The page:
My Sister’s Keeper
Speaking of freeways, Kathy, and candy, there was an incident on the San Gabriel Freeway that is still talked about today. The fact that we were banned from “playing on the freeway” made total sense (of course, at the time we had to ask “how come?”) and is probably why we were destined to end up there anyway. One day, Mom called me into the house and peppered me with this: “Ronnie, where is your sister?”
Being a bit of a smart aleck I replied, “Which one?”
Beginning to be irritated, Mom was a little more forceful, “You know which one. You were supposed to be watching Kathy. Where is she?”
By now I was becoming exasperated with the line of questioning and replied, “Am I my sister’s keeper? (I really didn’t say that, although it does fit). I don’t know where she is.”
Timmy, always helpful, added, “David P. said he was taking heh to his gwandma’s to get candy and ice cweam.”
Mom now turned her attention to Timmy, to my relief, and questioned him, “Where did they go? Where did he take her?”
Timmy answered, “He said they weh going to his gwandma’s and they weh wahking on the fweeway.”
Once again, Mom turned to me with instructions, “Ronnie, you go get your sister and bring her back home. Now!” Mom didn’t seem too worried about me being on the freeway.
Now David P., our next-door neighbor, was often times a little bit off (in the way that Jack Nicholson in The Shining was a little bit off). He had to take medicine to remain calm, if you know what I mean. We didn’t quite know the clinical term, but today, I think he might be considered mentally challenged. All I know is, when he wasn’t taking his medicines, we tended to play on the other side of the block. Just to give you a little insight as to David’s possibilities: one day, Kathy came home missing her ponytail. Mom saw the new hairdo and demanded of Kathy, “Kathy, what happened to your pony tail!? All that’s left of it is a rubber band!” Kathy, not knowing what else to say told the truth, “David cut it off.” (Maybe David thought we were in a game of cowboys and Indians and he was just claiming the white girl’s scalp). David, after the incident, was seen around the neighborhood with Kathy’s ponytail attached to his belt.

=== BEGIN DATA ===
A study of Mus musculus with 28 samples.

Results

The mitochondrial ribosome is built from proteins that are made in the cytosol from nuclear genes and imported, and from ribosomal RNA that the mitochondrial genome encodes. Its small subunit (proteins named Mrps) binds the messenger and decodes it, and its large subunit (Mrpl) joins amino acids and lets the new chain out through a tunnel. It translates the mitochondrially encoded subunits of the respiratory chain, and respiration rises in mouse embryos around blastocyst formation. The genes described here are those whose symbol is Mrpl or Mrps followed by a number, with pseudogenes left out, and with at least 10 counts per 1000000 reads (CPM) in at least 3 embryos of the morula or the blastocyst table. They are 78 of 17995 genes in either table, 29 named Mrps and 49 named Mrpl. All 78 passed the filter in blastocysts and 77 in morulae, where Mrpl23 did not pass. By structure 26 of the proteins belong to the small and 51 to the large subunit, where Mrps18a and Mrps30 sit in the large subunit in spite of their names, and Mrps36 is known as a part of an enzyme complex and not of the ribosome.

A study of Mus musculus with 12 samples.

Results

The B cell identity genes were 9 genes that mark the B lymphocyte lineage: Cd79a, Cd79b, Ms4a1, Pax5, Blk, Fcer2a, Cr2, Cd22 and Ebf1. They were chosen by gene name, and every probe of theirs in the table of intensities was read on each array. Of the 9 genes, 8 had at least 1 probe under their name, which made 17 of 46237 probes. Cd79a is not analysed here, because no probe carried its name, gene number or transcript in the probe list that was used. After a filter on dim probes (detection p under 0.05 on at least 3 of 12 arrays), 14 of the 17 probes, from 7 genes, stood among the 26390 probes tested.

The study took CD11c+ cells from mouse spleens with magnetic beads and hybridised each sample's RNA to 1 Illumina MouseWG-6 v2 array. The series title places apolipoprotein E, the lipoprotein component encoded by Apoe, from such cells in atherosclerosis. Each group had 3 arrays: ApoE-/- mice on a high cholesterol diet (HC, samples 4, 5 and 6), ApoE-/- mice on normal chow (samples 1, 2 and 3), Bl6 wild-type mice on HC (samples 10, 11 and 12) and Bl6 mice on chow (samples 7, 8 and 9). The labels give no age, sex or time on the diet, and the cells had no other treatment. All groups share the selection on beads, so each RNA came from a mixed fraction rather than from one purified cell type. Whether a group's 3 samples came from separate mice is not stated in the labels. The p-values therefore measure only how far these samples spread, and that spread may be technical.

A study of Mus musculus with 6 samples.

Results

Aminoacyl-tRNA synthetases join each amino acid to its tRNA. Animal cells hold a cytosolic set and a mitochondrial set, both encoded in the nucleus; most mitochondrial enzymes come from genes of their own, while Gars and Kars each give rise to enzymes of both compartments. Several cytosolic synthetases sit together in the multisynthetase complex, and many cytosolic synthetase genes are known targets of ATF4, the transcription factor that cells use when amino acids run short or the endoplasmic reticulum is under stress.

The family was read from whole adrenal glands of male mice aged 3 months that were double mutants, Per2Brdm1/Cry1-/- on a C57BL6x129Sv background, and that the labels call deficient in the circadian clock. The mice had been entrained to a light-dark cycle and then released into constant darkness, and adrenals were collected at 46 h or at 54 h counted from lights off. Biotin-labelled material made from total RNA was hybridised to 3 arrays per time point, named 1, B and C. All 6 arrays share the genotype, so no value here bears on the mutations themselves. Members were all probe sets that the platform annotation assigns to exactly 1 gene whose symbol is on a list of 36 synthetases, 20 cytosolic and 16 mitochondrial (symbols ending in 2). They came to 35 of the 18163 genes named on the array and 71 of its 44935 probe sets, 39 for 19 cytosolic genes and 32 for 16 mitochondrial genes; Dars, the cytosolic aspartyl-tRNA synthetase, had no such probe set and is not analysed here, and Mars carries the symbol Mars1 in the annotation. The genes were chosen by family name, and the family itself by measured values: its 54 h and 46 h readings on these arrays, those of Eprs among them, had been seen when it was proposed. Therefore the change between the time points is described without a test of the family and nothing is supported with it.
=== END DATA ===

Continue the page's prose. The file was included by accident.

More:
Anyway, David apparently convinced Kathy to go with him to his grandma’s house to get candy and ice cream (I indicated earlier that candy was Kathy’s kryptonite). It was news to me that I was supposed to be watching her, but then again, I was known to have selective hearing. I got on my bike and headed to the freeway, and I saw two figures walking on the shoulder of the freeway, about a half mile ahead. I rode real fast and caught up with them. As I jumped off my bike and grabbed Kathy’s arm I said, “Kathy, Mommy said you have to come home. I came to get you, so get on my bike and I will ride you home.”
Kathy was intent on the candy and tersely replied “No!”
Not to be deterred, I insisted, “Kathy, Mommy said you have to come home! Stop pulling and come with me.”
She too was insistent and adamantly replied, “I want candy and ice cweam.”
David and Kathy were pulling one way and I was pulling the other (a little tug-of-war by the side of the road, or better yet, Kathy was the wishbone and David and I wanted to see who would get their wish). Cars were flying by at seventy plus miles per hour, and the tugging and pulling spilled out into traffic. A woman in a passing car was heard to exclaim, “Honey, those kids are going to get killed!” Her husband, not near as concerned, said, “I wonder what they’re doing on the freeway?” His wife, in a moment of introspection said, “Probably looking for ice cream and candy.”
At this point, I gave up and turned around to head back home. I wasn’t sure what to tell Mom, but figured I might as well tell the truth this time. As I pulled into the driveway, a black-and-white police car was leaving (I waved at the policemen). When I got in the front door, Kathy was bawling, and Mom was staring at me with a mean look and a switch already in hand (at least I didn’t have to go get my own switch).